Gov. Dannel P. Malloy said Tuesday he’s hoping for a new concession agreement with state employee union negotiators within the next 24 to 48 hours.
The governor ate lunch at a Southbury bed and breakfast, visiting with members of the Litchfield Hills Bed and Breakfast Association as part of his jobs tour. There he told B&B owner and Southbury first selectman candidate Ed Edelson he expects an agreement on Tuesday or Wednesday.
Malloy knocked on the wooden dinner table as he told the group he hopes to have the “budget mess,” a $1.6 billion shortfall for the next biennium, cleared up within the next two weeks.
Monday’s news that union leadership voted to change their bylaws to make passing an agreement easier, offers a road to avoiding layoffs, he said. The new language changes the number of unions that it needs to ratify the agreement from 14 to 8 and reduces the threshold of voting members from 80 to 50 percent.
“I think it’s in everyone’s best interest that we get to that point. No one wants to see the diminution of services that would otherwise be required or the loss of jobs that would otherwise be required to place the budget in balance,” he said. But the budget will be in balance one way or another, he added.
If an agreement is reached and ratified, the governor said employees who have already been laid off stand a good chance of getting their jobs back.
“I think in all probability the vast bulk those layoffs would go away, with respect to members of the unions,” he said.
Some people will likely still lose their jobs. Malloy said he has planned the elimination of some management jobs as a result of agency consolidations.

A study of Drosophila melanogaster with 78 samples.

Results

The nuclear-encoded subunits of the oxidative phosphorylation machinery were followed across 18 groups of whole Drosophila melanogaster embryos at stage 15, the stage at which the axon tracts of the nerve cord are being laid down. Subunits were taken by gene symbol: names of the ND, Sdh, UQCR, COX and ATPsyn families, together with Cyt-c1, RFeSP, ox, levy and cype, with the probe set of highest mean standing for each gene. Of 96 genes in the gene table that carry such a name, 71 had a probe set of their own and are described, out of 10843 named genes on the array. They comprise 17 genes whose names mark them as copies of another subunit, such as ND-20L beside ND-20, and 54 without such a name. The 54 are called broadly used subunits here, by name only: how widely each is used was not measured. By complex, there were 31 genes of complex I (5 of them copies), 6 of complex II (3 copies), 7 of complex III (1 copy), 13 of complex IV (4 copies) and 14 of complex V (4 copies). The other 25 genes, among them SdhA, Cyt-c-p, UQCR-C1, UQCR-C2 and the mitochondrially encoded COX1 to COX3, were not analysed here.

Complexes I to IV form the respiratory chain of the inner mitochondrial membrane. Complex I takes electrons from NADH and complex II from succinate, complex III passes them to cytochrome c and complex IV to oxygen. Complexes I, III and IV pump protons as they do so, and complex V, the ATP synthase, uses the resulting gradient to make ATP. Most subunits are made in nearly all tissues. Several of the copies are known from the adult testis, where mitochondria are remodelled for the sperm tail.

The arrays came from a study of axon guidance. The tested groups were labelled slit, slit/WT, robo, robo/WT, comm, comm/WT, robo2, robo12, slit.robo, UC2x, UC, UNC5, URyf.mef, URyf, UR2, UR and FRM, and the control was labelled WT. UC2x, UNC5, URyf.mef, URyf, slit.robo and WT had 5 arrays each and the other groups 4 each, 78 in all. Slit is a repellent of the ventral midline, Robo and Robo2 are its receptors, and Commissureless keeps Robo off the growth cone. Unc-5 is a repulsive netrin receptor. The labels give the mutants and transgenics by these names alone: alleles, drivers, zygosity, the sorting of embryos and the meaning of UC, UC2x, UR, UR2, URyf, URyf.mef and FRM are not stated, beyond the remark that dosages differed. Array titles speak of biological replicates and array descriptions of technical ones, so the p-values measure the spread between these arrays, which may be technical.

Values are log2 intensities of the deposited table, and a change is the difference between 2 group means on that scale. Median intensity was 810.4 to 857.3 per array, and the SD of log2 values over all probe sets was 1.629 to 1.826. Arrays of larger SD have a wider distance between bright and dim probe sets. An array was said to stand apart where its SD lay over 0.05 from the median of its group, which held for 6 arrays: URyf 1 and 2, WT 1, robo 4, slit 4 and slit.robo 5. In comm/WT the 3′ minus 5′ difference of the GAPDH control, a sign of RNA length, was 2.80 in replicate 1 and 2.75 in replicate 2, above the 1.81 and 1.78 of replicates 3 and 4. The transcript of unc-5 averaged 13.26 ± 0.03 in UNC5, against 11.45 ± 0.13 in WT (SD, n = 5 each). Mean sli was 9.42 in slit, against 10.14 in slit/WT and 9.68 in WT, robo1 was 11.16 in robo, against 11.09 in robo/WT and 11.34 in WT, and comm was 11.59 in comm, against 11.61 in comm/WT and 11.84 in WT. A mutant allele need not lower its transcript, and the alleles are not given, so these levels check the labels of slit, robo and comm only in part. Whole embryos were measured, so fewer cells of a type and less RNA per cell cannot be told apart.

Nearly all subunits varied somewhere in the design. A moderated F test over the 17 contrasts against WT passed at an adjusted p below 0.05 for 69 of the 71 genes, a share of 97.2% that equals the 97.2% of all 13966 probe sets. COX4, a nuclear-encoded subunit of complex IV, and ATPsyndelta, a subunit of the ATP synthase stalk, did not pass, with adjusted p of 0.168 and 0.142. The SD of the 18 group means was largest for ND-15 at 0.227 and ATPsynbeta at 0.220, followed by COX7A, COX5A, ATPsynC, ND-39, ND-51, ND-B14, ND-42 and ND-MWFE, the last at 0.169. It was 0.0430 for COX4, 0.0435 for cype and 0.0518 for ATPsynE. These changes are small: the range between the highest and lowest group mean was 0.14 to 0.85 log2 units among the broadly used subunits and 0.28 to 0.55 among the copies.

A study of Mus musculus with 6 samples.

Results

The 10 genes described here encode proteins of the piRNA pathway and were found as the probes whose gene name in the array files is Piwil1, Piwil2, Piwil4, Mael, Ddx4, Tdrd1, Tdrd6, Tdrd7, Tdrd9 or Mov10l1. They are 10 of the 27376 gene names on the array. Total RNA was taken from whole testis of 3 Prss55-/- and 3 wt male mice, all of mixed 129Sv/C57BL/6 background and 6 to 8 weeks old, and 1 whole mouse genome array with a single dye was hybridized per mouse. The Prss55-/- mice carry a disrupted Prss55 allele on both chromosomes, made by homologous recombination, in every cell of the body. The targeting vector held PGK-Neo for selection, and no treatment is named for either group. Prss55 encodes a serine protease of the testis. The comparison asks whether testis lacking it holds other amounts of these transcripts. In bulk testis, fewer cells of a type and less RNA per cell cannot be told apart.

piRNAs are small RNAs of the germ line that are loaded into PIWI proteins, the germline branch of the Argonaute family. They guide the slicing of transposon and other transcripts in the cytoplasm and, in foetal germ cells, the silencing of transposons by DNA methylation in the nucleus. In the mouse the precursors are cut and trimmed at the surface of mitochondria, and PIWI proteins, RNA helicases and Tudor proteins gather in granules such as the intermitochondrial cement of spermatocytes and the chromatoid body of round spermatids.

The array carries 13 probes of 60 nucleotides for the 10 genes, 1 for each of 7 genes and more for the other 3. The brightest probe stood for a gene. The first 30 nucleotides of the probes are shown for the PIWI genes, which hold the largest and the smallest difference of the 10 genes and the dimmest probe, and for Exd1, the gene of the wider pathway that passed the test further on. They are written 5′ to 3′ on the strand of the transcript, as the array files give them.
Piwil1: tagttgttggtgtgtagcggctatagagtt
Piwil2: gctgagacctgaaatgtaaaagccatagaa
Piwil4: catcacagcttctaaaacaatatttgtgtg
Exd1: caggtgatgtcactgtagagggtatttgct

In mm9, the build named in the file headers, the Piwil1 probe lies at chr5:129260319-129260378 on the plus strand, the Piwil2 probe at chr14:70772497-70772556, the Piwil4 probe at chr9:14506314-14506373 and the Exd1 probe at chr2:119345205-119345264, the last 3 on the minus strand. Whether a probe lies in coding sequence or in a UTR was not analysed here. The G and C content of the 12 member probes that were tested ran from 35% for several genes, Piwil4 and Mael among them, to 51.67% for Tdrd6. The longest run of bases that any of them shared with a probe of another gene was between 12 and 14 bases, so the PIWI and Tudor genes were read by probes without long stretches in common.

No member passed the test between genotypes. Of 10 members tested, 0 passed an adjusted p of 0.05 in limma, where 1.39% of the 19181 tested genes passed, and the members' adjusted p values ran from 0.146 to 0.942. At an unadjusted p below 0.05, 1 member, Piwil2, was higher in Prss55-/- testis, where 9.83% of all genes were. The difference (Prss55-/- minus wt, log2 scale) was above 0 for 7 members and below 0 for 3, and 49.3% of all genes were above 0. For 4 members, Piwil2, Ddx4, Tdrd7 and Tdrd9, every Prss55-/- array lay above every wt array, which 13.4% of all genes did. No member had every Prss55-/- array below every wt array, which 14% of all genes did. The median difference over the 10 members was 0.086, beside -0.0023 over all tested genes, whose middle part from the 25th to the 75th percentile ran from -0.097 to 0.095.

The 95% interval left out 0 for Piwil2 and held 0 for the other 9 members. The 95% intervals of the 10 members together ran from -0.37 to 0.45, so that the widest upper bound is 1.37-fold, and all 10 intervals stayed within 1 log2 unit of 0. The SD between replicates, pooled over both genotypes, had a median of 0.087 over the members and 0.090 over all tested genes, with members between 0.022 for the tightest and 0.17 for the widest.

He speculated a new agreement will look much like the original agreement, except the new agreement will have to address the fact that on July 1, about 40,000 state employees got raises.
“We got to figure out a way to get that money back,” he said.
Worker paychecks will reflect those raises on July 29. Malloy said so far they don’t amount to a whole lot of money but as time goes on they will begin to add up to a substantial number. Office of Policy and Management Secretary Ben Barnes said the raises amount to somewhere around $5 million per pay period. But he noted the cost of the first pay period may be a little higher due to differences in the contracts of some state employees who get top step bonuses instead of raises.
“If we had an agreement in place in early August then you’re probably talking about having to claw back one or two pay periods, that’s all,” Malloy said.
Matt O’Connor, spokesman for the State Employee Bargaining Agent Coalition, said union negotiators have been in talks with representatives of the administration. He declined to speculate on when an agreement may be reached, saying doing so could handicap the outcome. But unions understand the time constraints and will continue to work until a deal has been reached, he said.
“We understand the clock has stopped ticking. The old grandfather clock is broken. You can crank it as many times as you want but we’re out of time,” he said.
Malloy spent about an hour with the innkeepers, eating chicken and pie while discussing tourism and ways to brand the state. When it was all over Edelson asked him to film a quick endorsement for his campaign. The governor agreed and said he’d even put his jacket back on for it.
“Select Ed,” he said into Edelson’s smartphone. “He’s the best.”